What’s in Your Water?

by Katie Lee

Three reasons you should implement on-site water testing.

By Megan Glover

As a restaurant owner or manager, your to-do list never ends. You wear a lot of hats, you keep balls in the air, and your plate is always full. From managing your team to ensuring your patrons and guests are always having a positive experience, the quality of your establishment’s water is probably the last thing on your mind.

The truth of the matter is, you are too busy to be worried about water quality. That’s why an investment in testing your water is an investment in the future of your business, and the safety of your customers. From the faucet water in your kitchen to the soda machines used by staff, the toxins and harmful substances lurking within your facility might shock you.

Here’s why you need to invest in water testing for your restaurant: 

1. Your establishment may contain old lead pipes

Many of us have been conditioned to believe lead is a thing of the past. Over the years, lead has been removed from substances like paint, but unfortunately, we still have to worry about it showing up in our water due to old lead pipes that weren’t regulated until after the 1980s. The problem here is that unless you’re a plumber, you’ll never know whether or not your pipes have lead in them, which is why testing your water for lead is crucial — lead pipes were not banned from institutions and homes until the Safe Drinking Water Act Amendments in 1986.

Lead is one of the most harmful chemicals found in water, especially for children who might be drinking it. The only way to eliminate lead from water is to filter it out. While some people believe that boiling water is the best way to get rid of lead in water, this is actually a myth. Boiling water actually causes lead particles to “loosen up,” making the water even more contaminated than before.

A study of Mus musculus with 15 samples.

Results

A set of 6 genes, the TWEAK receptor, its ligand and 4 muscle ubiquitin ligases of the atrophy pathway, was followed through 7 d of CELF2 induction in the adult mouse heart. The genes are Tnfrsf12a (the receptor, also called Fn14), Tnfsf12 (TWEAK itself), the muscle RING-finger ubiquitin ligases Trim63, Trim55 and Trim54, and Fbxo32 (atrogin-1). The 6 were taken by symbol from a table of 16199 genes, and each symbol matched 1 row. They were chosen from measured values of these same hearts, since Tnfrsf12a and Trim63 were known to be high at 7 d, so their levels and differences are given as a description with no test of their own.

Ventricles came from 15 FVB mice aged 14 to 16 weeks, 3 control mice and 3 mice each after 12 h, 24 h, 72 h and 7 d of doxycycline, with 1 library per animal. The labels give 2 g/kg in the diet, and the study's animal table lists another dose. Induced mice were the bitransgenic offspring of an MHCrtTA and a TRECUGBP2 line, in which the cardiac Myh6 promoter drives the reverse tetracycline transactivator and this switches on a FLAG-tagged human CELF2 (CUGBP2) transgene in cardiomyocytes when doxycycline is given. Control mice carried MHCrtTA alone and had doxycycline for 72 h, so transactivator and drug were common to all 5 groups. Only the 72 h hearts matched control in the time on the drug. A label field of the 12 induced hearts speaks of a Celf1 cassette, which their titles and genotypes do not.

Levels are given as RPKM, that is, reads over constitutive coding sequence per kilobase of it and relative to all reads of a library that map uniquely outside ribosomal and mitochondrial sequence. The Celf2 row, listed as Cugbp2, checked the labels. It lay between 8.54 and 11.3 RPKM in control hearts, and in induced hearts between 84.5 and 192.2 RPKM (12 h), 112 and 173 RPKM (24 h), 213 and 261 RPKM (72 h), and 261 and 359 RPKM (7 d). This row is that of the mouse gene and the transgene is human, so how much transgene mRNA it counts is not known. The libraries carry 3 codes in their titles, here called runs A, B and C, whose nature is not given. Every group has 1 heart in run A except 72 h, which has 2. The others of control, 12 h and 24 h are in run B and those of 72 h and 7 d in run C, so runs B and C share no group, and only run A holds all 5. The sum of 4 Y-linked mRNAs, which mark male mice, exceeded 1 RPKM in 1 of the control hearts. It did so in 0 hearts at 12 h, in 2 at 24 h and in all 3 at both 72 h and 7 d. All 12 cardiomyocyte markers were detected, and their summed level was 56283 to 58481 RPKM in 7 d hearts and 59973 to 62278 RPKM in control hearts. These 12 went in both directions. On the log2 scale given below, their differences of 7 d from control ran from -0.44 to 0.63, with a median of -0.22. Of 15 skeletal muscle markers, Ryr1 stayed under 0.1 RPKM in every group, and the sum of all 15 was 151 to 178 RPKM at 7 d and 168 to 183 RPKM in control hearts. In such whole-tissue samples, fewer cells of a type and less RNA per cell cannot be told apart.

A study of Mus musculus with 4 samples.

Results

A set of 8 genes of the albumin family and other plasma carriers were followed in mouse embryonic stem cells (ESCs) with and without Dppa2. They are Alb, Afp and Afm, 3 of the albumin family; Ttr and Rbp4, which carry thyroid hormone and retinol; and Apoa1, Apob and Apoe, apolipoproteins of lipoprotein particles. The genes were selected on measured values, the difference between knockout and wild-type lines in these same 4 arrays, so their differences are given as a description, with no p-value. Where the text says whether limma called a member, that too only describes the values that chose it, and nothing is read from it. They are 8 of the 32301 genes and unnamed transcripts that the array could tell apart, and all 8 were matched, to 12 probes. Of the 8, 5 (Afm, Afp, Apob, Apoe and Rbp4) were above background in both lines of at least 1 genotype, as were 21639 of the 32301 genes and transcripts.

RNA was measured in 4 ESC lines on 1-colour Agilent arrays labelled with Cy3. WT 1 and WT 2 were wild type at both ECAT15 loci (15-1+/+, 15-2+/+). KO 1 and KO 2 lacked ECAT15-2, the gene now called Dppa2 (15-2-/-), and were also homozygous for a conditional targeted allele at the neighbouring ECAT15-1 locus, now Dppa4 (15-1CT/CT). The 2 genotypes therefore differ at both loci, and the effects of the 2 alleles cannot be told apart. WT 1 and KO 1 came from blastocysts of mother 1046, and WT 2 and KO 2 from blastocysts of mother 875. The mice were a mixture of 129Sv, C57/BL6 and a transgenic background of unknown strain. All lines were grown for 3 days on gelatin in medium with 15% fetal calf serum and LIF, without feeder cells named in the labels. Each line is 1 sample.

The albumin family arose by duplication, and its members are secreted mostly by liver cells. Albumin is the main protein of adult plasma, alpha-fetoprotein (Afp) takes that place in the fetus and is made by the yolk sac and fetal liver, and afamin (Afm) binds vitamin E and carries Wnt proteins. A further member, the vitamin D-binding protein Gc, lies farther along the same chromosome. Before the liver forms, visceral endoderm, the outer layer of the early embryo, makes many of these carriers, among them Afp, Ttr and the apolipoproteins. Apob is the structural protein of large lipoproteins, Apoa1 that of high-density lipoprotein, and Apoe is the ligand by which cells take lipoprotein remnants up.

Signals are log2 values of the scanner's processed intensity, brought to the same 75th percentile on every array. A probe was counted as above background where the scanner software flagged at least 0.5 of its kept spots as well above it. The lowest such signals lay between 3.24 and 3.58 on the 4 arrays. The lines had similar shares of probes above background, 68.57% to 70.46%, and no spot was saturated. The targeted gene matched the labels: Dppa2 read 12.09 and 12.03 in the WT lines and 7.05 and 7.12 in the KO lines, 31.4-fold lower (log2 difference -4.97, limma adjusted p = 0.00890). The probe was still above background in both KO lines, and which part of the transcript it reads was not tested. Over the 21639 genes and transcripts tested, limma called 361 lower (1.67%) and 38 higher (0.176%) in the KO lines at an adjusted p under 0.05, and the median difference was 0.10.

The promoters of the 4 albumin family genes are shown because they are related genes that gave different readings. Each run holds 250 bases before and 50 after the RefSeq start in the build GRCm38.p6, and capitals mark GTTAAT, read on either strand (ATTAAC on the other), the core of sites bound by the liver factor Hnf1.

2. Your local utility company can only test so much

Lead is a problem local utility companies can’t solve, either. While local utility companies test for contaminants at their facility, there’s not much they can do once the water is flowing through your pipes. Because every plumbing system is different, testing for lead is a difficult thing to regulate and measure from a community-wide or city-wide perspective.

Bottom line: While local utilities work hard to ensure the water leaving their facility is safe, your facility’s plumbing system is like the wild, wild west. Most water contamination occurs in private plumbing systems or service lines leading up to your facility, meaning that even if you have cleaner-than-average city water, your personal water could still be at risk.

3. Your customers are concerned with their water quality

According to the latest Gallup poll, Americans are growing increasingly more worried about polluted drinking water. The percentage of concerned citizens grew from 55% in 2015, to 61% in 2016. Give your customers peace of mind by ensuring the water they drink from your tap, water fountain or kitchen is clean.

And don’t stop there. If you manage a large facility, other components of your facility (not just your tap) may also be contaminated because they’re sourced from the same water line. Ice machines, soda machines, and the water your on-premise staff may be cooking or working with could be contaminated, too. Go above and beyond for your customers by ensuring all water sources on your premises are clean.

Investing in water testing for your establishment will be one of the best business decisions you make this year. Keeping your water safe from contaminants like lead and arsenic is an important decision that will increase trust and build a better relationship between you and your customers. By making an investment in the health of your customers, you’ll be making a smart investment in the life of your business.


— Megan Glover is CEO and cofounder of 120WaterAudit, a subscription-based water testing service. Launched in 2016, the company’s mission is to provide an easy way to frequently check for harmful contaminants in tap water. Email the author at [email protected].